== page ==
White Light (CANON GALLERY S , Tokyo , 2019)



White Light
Yoshiyuki Okuyama

We push through inky black darkness, caressing ever so gently the surface of a sea of unfathomable depth. The breathing of the waves, the mumble of the engine, are the only sounds. As our eyes grow accustomed to the nightʼs coppice, far in the distance, here and there, we spot white lights. It canʼt be long now. After nearly an hour of continuous rocking in this craft. I remember in my bones that chill and that colossal immensity we strained to find.

Without waiting for daybreak, one white light, then another, draws near. Before long an enka ballad will be heard, and on cue, nets will be cast and the work will begin. The cameraʼs flash, on occasion, beats back the gloom …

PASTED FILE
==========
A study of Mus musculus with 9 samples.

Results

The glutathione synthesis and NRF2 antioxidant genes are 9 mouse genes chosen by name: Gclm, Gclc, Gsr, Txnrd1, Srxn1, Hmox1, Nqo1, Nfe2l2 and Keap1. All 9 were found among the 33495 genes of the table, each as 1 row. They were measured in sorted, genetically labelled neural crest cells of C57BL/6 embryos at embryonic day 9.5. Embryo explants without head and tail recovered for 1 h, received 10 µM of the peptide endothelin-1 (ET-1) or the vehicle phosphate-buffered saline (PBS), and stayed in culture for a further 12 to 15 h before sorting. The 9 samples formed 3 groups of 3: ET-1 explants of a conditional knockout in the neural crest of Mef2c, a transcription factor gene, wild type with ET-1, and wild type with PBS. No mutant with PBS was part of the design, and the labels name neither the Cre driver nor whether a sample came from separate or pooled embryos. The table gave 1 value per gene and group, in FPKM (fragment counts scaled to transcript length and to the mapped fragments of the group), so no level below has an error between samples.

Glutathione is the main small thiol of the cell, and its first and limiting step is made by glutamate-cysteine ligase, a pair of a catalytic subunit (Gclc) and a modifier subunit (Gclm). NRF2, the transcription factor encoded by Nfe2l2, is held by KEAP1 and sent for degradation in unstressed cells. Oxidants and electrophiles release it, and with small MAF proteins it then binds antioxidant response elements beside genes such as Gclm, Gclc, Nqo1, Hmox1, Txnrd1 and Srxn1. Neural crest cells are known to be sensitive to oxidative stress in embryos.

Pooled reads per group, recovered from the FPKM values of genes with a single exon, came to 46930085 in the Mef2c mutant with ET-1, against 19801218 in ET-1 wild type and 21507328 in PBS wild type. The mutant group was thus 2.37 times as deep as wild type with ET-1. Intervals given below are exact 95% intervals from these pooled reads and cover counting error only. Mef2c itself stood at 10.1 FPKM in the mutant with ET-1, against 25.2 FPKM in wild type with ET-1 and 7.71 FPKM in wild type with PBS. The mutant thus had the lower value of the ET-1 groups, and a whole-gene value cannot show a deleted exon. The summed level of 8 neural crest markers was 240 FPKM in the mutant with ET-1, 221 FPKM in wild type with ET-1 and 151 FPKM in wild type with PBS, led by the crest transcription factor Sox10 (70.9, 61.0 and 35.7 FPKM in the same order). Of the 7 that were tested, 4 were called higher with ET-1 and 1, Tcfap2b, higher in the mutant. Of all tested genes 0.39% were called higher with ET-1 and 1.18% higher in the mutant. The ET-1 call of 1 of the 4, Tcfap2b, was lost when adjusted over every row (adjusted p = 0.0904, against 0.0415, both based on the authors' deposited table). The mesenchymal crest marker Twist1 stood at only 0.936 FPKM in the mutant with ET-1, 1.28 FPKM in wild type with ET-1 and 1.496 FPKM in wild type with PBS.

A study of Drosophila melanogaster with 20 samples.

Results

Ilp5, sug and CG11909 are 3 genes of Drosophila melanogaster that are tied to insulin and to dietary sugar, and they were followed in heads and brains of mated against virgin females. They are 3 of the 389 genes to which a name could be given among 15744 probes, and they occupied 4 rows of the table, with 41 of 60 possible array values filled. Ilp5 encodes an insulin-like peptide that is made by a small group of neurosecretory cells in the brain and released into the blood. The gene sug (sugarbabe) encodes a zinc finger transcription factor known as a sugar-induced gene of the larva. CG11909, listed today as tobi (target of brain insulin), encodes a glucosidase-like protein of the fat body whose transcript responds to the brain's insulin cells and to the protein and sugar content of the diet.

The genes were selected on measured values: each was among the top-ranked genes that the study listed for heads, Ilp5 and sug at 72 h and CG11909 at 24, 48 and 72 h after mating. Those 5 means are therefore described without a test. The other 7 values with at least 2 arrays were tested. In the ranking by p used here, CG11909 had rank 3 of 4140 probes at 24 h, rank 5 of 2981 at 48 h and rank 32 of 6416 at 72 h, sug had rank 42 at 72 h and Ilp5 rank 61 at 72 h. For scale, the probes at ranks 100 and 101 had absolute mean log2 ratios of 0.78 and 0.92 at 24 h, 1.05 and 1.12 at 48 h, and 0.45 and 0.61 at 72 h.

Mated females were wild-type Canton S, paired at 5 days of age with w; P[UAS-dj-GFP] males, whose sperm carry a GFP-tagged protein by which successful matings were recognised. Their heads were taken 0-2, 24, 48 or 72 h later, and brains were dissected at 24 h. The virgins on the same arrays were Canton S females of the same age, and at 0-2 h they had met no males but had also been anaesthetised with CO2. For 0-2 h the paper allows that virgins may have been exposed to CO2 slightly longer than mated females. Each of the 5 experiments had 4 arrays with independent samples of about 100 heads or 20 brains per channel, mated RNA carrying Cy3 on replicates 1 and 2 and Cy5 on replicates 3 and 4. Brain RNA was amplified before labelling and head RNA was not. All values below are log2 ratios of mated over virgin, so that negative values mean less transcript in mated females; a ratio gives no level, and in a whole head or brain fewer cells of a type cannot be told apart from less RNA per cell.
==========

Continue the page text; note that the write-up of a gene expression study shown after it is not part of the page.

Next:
Nostalgia pricks at me when I catch myself suddenly squinting to perceive whatʼs before me. For in todayʼs world, we have illuminated everything ̶ not just the spaces we inhabit but also all the information and environments surrounding us. We remain passive nevertheless, averting our eyes from unknown sentiments that, on occasion, materialize before us. Before long our consciousness, ever more distracted by peripheral vision, will loosen its grip on the foreground, to rollick in a vast, colorful land of unfathomable shallowness.

Can we still sense the boundary between “seeing” and “perceiving”, the line between vision and consciousness? As a poet might observe: there are things that once you can see, you can no longer perceive. Are photos now the sole focus of our awareness.

Strain your eyes and cast a light.

For surely something exists beyond that light.